A plan to bring sports betting to Oklahoma is receiving backlash from federally recognized tribes.
Gov. Kevin Stitt’s proposed plan for regulated sports betting in Oklahoma is being opposed by state tribes as they believe it violates their gaming compacts and rights to exclusively offer wagering in the state. Stitt’s plan, which was first announced last year, proposes to allow retail sports betting in the state at tribal casinos and gaming establishments while online wagering would be offered through the Oklahoma Lottery Commission (OLC).
Stitt’s plan calls for wagering at brick-and-mortar sportsbooks to be taxed at a 15% rate, while online wagering would see a 20% rate for operators that pay a $100,000 annual license fee.
Tribes in Oklahoma have opposed this plan, which calls for no college prop betting, as it puts them in direct competition with commercial sportsbooks and takes away their exclusive right to offer regulated wagering in the state following the renewal of gaming compacts in 2020.
The tribes maintained their gaming compacts in 2020 following contentious legal proceedings that saw the United States District Court for the Western District of Oklahoma rule that gaming compacts automatically renewed for 15 years. Tribes had previously sued Stitt, who said they expired.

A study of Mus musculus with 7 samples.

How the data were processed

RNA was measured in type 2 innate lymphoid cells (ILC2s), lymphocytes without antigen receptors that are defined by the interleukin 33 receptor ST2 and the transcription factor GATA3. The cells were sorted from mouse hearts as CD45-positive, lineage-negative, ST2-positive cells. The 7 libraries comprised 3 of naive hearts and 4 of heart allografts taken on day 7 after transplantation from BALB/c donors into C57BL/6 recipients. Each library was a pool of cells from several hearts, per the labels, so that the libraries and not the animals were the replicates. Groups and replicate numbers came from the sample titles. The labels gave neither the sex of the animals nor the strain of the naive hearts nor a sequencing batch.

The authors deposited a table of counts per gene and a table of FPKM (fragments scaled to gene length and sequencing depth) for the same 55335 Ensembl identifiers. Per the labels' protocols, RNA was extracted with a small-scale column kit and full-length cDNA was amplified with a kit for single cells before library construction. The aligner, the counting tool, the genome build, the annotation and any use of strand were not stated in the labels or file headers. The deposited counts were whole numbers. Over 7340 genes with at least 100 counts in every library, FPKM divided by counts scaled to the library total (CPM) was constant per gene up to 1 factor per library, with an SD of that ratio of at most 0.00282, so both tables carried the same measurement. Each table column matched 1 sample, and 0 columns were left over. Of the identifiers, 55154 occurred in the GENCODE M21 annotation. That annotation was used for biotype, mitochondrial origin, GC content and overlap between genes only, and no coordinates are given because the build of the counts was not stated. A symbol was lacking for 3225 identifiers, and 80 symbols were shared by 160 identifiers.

Oklahoma’s tribes continued to be at odds with Stitt as he crafted his plan for sports betting.
“The Oklahoma Indian Gaming Association was not consulted prior to Gov. Stitt releasing his sports betting plan,” said the non-profit organization last November. “The members of the OIGA have been preparing to receive an offer from the state on sports betting for the past couple of years, and while we appreciate Gov. Stitt finally joining the sports betting conversation, to date he has not engaged in meaningful and respectful government-to-government discussion with tribes.”
Oklahoma lawmakers making other attempts to authorize sports betting
Earlier this month, Sen. Casey Murdock introduced Senate Bill 1434, which proposes to allow federally recognized tribes in Oklahoma to offer sports betting through contracts with the state lottery. Online wagering would be permitted to retailers that are awarded a license by the OLC.
Retailers would be required to pay an initial $500,000 license fee with licenses renewed annually for $100,000. SB 1434, which had its second reading on Feb. 6, has been referred to the state’s Appropriations Committee.